Assad regime forces killed 22 opposition forces overnight near Idlib province, in the deadliest such attack in an area where a recent truce is to be enforced, a monitor said Friday.
Fighting erupted when regime troops seized a position in a rural area in the north of neighboring Hama province that had been held by the Jaish al-Izza group, the Syrian Observatory for Human Rights said.
Idlib and some surrounding areas are the last major opposition bastion in Syria, where the Russian-backed regime has in recent months retaken much of the territory it had lost since the civil war erupted in 2011.
It had threatened an assault on opposition territory, home to around 3 million people, but a deal for a demilitarized buffer zone around it was reached in September between Moscow and Ankara.
Several deadly skirmishes have occurred since the deal but 22 is the highest number of known fatalities in a single incident inside the planned buffer zone, the Observatory said.
"This is the highest death toll in the demilitarized zone since it was announced," Rami Abdel Rahman, head of the Britain-based monitoring group, told AFP.
Last week, at least 10 civilians were killed and dozens more injured in attacks by the regime forces and pro-regime terrorist groups in demilitarized zone.
The regime and Iranian-backed terrorist groups fired artillery into the villages of Jarjanaz and Al-Tamanah, both of which are situated inside the demilitarized zone.
Meanwhile, Russia stated that work to establish a demilitarized zone in Idlib continues and that it is too soon to say that the process has been completed.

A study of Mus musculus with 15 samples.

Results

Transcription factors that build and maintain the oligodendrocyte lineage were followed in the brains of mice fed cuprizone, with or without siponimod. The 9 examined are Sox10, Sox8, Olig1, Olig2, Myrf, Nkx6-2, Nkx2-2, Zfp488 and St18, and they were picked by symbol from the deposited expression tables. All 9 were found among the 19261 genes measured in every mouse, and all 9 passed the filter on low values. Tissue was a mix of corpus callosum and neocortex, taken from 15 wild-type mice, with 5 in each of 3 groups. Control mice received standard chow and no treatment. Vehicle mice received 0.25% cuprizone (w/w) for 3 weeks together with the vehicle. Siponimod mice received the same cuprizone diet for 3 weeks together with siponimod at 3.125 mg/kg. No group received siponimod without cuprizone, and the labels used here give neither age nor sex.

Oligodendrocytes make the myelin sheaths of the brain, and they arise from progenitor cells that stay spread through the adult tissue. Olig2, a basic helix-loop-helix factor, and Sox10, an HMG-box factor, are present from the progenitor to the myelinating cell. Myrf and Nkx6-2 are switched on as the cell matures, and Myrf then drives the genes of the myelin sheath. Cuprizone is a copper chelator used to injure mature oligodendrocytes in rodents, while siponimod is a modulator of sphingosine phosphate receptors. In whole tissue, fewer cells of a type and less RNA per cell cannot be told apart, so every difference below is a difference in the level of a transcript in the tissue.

Russian Foreign Ministry Spokesperson Mariya Zaharova said on Friday that although there has been practical success implementing the deal, the process still continues. She emphasized that extremist groups, such as al-Nusra Front, a former Al-Qaeda affiliate that is recognized as a terrorist group by Turkey, still engage in provocation activities to prevent forming a demilitarized area.
The buffer zone, agreed between Ankara and regime ally Moscow, aims to separate regime fighters from the opposition in the Idlib region.
The accord, reached on September 17, aims to stave off a massive regime assault on the region by creating a 15 to 20-kilometer (nine to 12-mile) buffer zone ringing the area.
Following a meeting in Sochi last month between President Recep Tayyip Erdoğan and his Russian counterpart Vladimir Putin, the two countries agreed to establish a demilitarized zone in Idlib, Syria's last opposition stronghold.
Ankara and Moscow also signed a memorandum of understanding calling for the "stabilization" of Idlib's de-escalation zone, in which acts of aggression are expressly prohibited.
Under the deal, opposition groups in Idlib will remain in areas in which they are already present, while Russia and Turkey will conduct joint patrols in the area with a view to preventing renewed fighting.
The Sochi deal is not the first attempt by Turkey and Russia to stabilize Syria. The Astana peace process was launched by Russia, Iran and Turkey in January 2017 to bring all warring parties in the Syrian conflict to the table to find a political solution foreseen in U.N. sponsored peace talks in Geneva. The Astana process resulted in an agreement by the three guarantor countries to implement four "de-escalation" zones. The partial cease-fire, however, was short-lived. Regime forces backed by Russia and Iran re-conquered three of the zones through heavy bombardments. Idlib remained as the last stronghold of the opposition with dozens of opposition groups squeezed into the province until the Sochi deal, which gave hope to the region.